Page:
What is it?
Left ventricular hypertrophy is enlargement (hypertrophy) of the muscle tissue that makes up the wall of your heart's main pumping chamber (left ventricle).
Left ventricular hypertrophy develops in response to some factor, such as high blood pressure, that requires the left ventricle to work harder. As the workload increases, the walls of the chamber grow thicker, lose elasticity and eventually may fail to pump with as much force as a healthy heart.
Left ventricular hypertrophy (LVH) is more common in people who have high blood pressure or other heart problems.
Left ventricular hypertrophy usually develops gradually. You may experience no signs or symptoms, especially during the early stages of the condition. As left ventricular hypertrophy progresses and complications develop, you may experience these left ventricular hypertrophy symptoms:
- Shortness of breath
- Chest pain
- Sensation of rapid, fluttering or pounding heartbeats (palpitations)
- Rapid exhaustion with physical activity
Left ventricular hypertrophy can happen when one or more things make your heart work harder than normal to pump blood to your body. For example, if you have high blood pressure, the muscles of the left ventricle must contract more forcefully than normal in order to counter the effect of the elevated blood pressure.
The work of adapting to high blood pressure may result in larger muscle tissue in the walls of the left ventricle. The increase in muscle mass causes the heart to function poorly.
Factors that can cause your heart to work harder include the following:
- High blood pressure (hypertension). This condition is the most common cause of left ventricular hypertrophy. A blood pressure reading is given in a unit of measure called millimeters of mercury (mm Hg). Hypertension is generally defined as systolic pressure greater than 140 mm Hg and a diastolic pressure greater than 90 mm Hg, or 140/90 mm Hg. Systolic pressure is blood pressure while the heart contracts, and diastolic pressure is blood pressure while the heart rests between beats.
- Aortic valve stenosis. This disease is a narrowing of the aortic valve, the flap separating your left ventricle from the aorta, the large blood vessel that delivers oxygen-rich blood to your body. This partial obstruction of blood flow requires the left ventricle to work harder to pump blood into the aorta.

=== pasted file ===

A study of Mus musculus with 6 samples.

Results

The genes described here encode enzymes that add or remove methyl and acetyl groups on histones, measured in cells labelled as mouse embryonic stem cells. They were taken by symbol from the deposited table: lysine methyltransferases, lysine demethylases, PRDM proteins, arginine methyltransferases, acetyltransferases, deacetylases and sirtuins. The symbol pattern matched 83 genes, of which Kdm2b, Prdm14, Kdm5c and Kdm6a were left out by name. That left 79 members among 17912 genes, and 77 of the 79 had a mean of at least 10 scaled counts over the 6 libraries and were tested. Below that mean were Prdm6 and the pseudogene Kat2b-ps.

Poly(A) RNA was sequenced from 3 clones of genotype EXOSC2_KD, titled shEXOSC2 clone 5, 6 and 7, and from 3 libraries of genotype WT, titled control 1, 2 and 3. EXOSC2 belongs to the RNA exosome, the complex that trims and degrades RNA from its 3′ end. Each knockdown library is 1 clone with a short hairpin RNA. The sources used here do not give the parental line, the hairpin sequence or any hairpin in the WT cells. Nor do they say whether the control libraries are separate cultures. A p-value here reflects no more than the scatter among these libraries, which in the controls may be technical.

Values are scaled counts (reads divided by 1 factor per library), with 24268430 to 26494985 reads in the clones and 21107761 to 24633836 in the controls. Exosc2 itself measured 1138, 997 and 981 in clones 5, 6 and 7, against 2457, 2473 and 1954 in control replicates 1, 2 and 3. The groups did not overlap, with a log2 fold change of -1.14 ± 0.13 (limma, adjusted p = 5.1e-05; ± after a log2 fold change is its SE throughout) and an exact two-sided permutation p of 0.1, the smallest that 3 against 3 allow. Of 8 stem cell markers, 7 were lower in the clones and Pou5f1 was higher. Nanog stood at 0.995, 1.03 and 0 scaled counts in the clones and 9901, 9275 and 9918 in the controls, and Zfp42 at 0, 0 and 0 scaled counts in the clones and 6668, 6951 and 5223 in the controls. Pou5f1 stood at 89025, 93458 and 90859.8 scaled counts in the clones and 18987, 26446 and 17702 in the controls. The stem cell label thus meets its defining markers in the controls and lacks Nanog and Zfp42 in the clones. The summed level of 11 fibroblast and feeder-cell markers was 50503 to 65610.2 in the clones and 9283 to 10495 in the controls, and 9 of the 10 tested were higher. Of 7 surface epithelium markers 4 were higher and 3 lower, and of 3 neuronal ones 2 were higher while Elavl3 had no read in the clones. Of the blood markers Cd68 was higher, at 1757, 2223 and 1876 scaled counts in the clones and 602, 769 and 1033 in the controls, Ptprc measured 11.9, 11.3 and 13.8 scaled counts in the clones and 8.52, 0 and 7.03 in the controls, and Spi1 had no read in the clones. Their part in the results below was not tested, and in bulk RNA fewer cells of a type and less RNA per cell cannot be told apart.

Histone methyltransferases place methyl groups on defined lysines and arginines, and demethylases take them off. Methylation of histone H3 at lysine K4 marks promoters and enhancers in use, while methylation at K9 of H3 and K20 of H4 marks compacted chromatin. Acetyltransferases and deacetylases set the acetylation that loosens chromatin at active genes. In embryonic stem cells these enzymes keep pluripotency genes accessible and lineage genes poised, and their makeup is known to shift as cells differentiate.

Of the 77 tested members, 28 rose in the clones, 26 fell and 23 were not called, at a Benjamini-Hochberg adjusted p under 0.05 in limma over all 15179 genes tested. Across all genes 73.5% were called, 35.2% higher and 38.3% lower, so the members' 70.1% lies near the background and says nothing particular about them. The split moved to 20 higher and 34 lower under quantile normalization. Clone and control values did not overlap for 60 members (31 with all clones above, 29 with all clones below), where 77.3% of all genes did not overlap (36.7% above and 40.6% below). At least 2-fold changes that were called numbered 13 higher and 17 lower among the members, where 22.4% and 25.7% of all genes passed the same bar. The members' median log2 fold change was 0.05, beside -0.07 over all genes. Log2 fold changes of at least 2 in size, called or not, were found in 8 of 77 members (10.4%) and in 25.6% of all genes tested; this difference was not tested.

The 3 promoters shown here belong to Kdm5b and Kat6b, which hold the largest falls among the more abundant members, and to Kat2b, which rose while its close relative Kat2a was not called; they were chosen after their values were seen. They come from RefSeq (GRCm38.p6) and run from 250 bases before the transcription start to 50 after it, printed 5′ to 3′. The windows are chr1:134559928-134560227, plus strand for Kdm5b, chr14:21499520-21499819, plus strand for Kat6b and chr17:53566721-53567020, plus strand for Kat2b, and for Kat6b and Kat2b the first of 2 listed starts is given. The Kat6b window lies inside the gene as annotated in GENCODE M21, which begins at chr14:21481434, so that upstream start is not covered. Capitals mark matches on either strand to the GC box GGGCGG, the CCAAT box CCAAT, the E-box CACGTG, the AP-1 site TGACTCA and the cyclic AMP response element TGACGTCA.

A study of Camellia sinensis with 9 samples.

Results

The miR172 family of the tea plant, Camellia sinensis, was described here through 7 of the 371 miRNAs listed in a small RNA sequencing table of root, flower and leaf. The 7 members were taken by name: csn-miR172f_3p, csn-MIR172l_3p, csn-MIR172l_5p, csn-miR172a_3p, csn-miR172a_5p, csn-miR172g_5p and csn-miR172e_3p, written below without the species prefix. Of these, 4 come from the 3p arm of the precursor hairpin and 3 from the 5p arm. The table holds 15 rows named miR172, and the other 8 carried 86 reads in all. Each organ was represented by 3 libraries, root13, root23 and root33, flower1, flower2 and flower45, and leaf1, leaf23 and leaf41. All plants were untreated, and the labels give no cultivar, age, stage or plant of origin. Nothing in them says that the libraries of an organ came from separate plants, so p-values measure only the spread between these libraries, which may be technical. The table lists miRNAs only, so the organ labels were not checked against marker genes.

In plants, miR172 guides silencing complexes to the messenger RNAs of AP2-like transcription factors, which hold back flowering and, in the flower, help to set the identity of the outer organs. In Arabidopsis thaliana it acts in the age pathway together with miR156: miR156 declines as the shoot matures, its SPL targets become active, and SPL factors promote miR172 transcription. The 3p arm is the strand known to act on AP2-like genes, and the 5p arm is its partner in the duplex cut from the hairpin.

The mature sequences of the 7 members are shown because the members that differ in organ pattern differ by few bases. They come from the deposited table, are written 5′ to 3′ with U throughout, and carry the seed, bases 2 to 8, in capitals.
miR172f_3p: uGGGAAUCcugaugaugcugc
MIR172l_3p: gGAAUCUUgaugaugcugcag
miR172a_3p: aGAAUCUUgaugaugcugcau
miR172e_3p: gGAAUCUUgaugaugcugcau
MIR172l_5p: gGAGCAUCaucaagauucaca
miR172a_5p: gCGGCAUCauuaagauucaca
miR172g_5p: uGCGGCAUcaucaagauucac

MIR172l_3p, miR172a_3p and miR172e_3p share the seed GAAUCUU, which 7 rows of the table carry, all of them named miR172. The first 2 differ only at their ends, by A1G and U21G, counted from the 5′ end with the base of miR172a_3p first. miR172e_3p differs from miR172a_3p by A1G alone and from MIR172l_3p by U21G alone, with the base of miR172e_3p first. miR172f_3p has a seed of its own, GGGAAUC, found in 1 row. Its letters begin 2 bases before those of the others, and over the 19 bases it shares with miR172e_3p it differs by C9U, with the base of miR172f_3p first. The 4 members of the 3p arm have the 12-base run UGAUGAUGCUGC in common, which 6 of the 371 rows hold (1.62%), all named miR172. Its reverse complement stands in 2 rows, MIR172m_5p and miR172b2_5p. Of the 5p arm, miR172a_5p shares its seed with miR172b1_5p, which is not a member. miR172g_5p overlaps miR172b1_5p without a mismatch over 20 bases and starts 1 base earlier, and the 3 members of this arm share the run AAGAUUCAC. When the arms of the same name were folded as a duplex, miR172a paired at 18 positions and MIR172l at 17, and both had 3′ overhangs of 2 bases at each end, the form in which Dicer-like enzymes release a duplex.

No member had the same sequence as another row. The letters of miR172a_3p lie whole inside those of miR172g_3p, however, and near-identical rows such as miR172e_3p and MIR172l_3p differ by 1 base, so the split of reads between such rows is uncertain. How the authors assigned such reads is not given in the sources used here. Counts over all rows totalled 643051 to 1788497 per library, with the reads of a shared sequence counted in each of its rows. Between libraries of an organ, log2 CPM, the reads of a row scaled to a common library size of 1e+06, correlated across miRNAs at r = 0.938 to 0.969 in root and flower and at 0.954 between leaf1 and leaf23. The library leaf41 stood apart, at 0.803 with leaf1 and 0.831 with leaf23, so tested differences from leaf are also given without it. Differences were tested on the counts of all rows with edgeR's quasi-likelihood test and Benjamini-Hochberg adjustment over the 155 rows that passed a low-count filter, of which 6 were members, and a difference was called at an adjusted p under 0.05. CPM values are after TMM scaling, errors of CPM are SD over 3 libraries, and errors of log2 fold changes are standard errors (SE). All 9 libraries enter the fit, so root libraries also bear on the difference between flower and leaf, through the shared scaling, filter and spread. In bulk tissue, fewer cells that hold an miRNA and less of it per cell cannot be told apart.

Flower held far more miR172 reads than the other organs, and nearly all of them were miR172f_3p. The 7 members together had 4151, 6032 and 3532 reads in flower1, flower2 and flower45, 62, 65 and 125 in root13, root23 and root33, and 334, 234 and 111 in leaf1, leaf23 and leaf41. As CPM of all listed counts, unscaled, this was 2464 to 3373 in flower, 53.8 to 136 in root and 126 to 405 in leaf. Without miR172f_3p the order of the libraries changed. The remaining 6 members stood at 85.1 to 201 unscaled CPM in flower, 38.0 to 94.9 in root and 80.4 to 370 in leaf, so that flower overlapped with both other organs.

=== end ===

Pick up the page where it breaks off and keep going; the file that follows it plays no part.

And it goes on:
- Hypertrophic cardiomyopathy. In this disease, the heart muscle (myocardium) becomes abnormally thick — or hypertrophied. This thickened heart muscle can make it harder for the heart to pump blood.
- Athletic training. Intense, prolonged endurance and strength training can cause the heart to adapt so that it can handle the extra workload. In some people, these changes may lead to left ventricular hypertrophy.
- Other medical conditions. Some rare conditions, such as certain types of muscular dystrophy and Fabry's disease, are associated with changes in the heart that increase the risk of left ventricular hypertrophy.
Risk factors for left ventricular hypertrophy include the following:
- High blood pressure, a blood pressure reading greater than 140/90 mm Hg, is the greatest risk factor.
- Aortic stenosis, narrowing of the main valve through which blood leaves the heart, may increase the left ventricle's workload.
- Obesity can cause high blood pressure and increase your body's demand for oxygen, factors that may lead to left ventricular hypertrophy.
Left ventricular hypertrophy changes both the structure and function of the chamber:
- The enlarged muscle loses elasticity and stiffens, preventing the chamber from filling properly and leading to increased pressure in the heart.
- The enlarged muscle tissue compresses its own blood vessels (coronary arteries) and may restrict its own supply of blood.
- The overworked muscle weakens.
Complications that can occur as a result of these problems include:
- Inability of your heart to pump enough blood to your body (heart failure)
- Abnormal heart rhythm (arrhythmia)
- Insufficient supply of oxygen to the heart (ischaemic heart disease)
- Interruption of blood supply to the heart (heart attack)
- Sudden, unexpected loss of heart function, breathing and consciousness (sudden cardiac arrest)
If you have signs and symptoms associated with heart disease — such as shortness of breath, chest pain, palpitations or others — your doctor will examine your heart function and choose the best treatment.
If you have high blood pressure, your doctor may order heart-related tests as a part of the ongoing management of the condition.
For some of the exams, your doctor may refer you to a heart specialist (cardiologist). Screening tests for left ventricular hypertrophy include:
- Electrocardiogram. An electrocardiogram — also called an ECG or EKG — records electrical signals as they travel through your heart. Your doctor can look for patterns among these signals that indicate abnormal heart function and increased left ventricle muscle tissue.
- Echocardiogram. An echocardiogram uses sound waves to produce live-action images of the heart. This common test enables your doctor to watch your ventricles squeezing and relaxing and valves opening and closing in rhythm with your heartbeat. The echocardiogram is a primary tool for diagnosing left ventricular hypertrophy. If you have left ventricular hypertrophy, your doctor will be able to see thickening of muscle tissue in the left ventricle. An echocardiogram can also reveal how much blood is pumped from the heart with each beat and how stiff the heart muscle is. It may also show related heart abnormalities, such as aortic valve stenosis.
- Magnetic resonance imaging (MRI). Magnetic resonance imaging is a technique that uses a magnetic field and radio waves to create images of soft tissues in the body. It can be used to produce a thin cross-sectional "slice" of your heart or a 3-D image.